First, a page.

Agnes Toth: From ‘Man in Cloth’ to Darkest Goth

Above: “The Magician” by Agnes Toth

Contemporary artist Agnes Toth (born, 1981 in Gyor, Hungary) displays an inimitable style and with great story-telling ability.  Toth graduated from University College, Falmouth (U.K.) with an M.A. in Fine Art Contemporary Practice and prior to this; the Hungarian Academy of Fine Arts in Budapest. She has had several international solo and group exhibitions. She also does coverf art for Hungarian neo-classical dark wave artists “The Moon and the Night Spirit”.

  • The source of Toth’s inspiration is primarily from nature, and her own life, using images from personal experiences. Whilst painting in her studio, she likes to listen to a wide variety of music ranging from classics such as Debussy through to the hip hop sounds of Eminem.
  • On average, each painting takes about 5-6 months to paint; and she often has 2 or 3 paintings in progress at the same time, so she can focus on one of the pieces for a week, and the following week move to the next work. It also depends on the oil paint, because it takes about 3-4 days to dry.

Above: Cover art from The Moon and the Night Spirit’s Album Regő Rejtem

  • In 2013, Toth was interviewed by Hungarian Success Stories and the following is a summary of this interview. See the full interview from 27 October, 2013.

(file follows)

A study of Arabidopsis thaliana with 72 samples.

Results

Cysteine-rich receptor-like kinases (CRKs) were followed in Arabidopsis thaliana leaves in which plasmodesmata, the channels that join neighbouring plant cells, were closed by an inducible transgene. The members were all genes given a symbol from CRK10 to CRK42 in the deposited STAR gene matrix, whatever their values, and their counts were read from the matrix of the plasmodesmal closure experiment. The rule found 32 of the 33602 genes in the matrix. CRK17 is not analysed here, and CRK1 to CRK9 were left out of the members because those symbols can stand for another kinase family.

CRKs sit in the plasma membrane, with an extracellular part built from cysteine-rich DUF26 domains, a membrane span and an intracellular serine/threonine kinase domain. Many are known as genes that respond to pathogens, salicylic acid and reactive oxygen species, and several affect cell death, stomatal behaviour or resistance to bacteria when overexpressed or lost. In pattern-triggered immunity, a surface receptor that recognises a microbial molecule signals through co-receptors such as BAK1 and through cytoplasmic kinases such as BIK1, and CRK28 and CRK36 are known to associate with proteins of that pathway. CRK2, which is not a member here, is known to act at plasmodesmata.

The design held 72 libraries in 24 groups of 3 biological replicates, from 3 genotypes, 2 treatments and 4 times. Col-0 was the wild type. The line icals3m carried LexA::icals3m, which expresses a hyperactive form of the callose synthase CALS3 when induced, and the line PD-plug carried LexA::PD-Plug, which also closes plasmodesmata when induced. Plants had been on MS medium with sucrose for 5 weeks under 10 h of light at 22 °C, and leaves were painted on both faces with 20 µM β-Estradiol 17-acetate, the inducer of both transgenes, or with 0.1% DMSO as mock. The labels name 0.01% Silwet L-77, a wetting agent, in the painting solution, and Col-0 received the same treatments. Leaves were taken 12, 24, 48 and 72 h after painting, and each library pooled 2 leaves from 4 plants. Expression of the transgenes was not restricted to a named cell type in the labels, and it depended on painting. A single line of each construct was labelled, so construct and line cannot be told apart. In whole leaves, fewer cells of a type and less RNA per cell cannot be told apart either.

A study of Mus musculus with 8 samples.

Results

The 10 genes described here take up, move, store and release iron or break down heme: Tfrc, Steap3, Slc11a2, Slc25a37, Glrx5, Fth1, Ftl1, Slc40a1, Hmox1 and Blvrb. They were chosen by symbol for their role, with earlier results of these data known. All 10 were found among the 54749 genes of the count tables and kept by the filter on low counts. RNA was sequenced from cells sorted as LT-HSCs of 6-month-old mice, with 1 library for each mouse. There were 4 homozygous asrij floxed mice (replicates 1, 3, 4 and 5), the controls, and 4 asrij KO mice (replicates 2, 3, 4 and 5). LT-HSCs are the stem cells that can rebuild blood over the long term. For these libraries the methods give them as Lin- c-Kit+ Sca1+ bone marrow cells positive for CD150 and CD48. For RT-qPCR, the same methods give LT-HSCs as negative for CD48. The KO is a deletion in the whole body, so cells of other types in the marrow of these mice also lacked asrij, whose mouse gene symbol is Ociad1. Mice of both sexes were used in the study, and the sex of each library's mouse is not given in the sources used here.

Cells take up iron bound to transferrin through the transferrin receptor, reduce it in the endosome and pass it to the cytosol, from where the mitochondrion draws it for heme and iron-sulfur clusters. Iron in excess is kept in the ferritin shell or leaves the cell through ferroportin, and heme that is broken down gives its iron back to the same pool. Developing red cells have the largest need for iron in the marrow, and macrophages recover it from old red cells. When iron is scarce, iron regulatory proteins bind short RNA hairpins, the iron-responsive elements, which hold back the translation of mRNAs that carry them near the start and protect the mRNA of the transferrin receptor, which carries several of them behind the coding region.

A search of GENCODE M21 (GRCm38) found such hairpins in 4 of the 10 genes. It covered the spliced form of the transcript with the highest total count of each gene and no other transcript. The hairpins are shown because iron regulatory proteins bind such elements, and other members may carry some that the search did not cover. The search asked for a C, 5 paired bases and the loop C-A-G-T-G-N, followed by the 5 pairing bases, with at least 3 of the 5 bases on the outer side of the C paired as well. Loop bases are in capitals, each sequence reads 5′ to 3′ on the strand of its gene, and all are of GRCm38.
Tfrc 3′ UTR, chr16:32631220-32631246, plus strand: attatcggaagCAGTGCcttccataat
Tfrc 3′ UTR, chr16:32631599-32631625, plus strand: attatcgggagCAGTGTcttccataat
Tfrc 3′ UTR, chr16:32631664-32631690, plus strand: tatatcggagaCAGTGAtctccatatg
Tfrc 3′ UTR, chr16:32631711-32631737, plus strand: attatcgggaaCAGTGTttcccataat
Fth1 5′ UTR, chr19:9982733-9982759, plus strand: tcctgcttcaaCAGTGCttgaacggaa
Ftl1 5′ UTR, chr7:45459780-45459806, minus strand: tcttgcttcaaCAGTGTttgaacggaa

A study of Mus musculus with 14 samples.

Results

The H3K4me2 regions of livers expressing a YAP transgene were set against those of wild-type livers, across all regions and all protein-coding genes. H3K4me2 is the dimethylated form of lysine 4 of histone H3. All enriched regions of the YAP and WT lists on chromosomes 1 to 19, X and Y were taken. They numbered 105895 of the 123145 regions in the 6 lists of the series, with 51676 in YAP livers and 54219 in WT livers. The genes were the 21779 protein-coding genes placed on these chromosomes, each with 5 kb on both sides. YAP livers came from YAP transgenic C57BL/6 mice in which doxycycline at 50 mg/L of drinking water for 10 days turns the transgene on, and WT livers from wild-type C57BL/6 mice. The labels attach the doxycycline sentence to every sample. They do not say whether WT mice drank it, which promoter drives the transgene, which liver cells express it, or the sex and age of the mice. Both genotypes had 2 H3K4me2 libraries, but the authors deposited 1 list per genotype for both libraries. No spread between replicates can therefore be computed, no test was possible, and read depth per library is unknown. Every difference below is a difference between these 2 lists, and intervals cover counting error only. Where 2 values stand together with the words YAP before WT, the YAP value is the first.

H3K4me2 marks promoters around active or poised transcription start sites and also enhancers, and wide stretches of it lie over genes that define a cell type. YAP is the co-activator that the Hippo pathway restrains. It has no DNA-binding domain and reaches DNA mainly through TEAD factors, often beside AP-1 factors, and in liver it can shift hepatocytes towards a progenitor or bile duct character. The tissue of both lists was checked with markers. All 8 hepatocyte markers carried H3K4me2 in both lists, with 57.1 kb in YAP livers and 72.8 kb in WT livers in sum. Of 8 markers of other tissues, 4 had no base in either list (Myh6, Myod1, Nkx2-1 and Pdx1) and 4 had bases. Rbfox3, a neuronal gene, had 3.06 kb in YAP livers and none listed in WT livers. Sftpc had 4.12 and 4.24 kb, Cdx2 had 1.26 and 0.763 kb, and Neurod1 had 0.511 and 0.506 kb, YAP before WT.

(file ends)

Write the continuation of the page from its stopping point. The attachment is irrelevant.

In September 2013, the National Portrait Gallery in London nominated her portrait “The Magician“, of British Magician Drummond Money-Coutts for the BP Portrait Award. This award is one of the most prestigious awards in portraiture in the world today. Although Toth does not consider herself a portrait artist, figures have always played a major role in her paintings. Drummond Money-Coutts is an English Magician, and Toth found his character determining. She described him during the sitting as: “The man of today, the man of our age. He is an iconic figure, ambitious, unique and metropolitan; with a strong traditional and historical English background. Drummond’s character seemed to be the perfect model to describe portraiture today”.

The conception of the tripled portrait composition was due to Toth’s observance of his presence and she found something very geometric about him, his movements, his lines, and the crispiness of his suit. It was then that she knew it was not going to be a painting like anything she had done before.  She knew it had to be very specific and very sharp and described this as: “My aim was to paint the finest possible portrait, to make it become the ultimate portrait that I can possibly achieve, and the ultimate portrait to represent portraiture today.”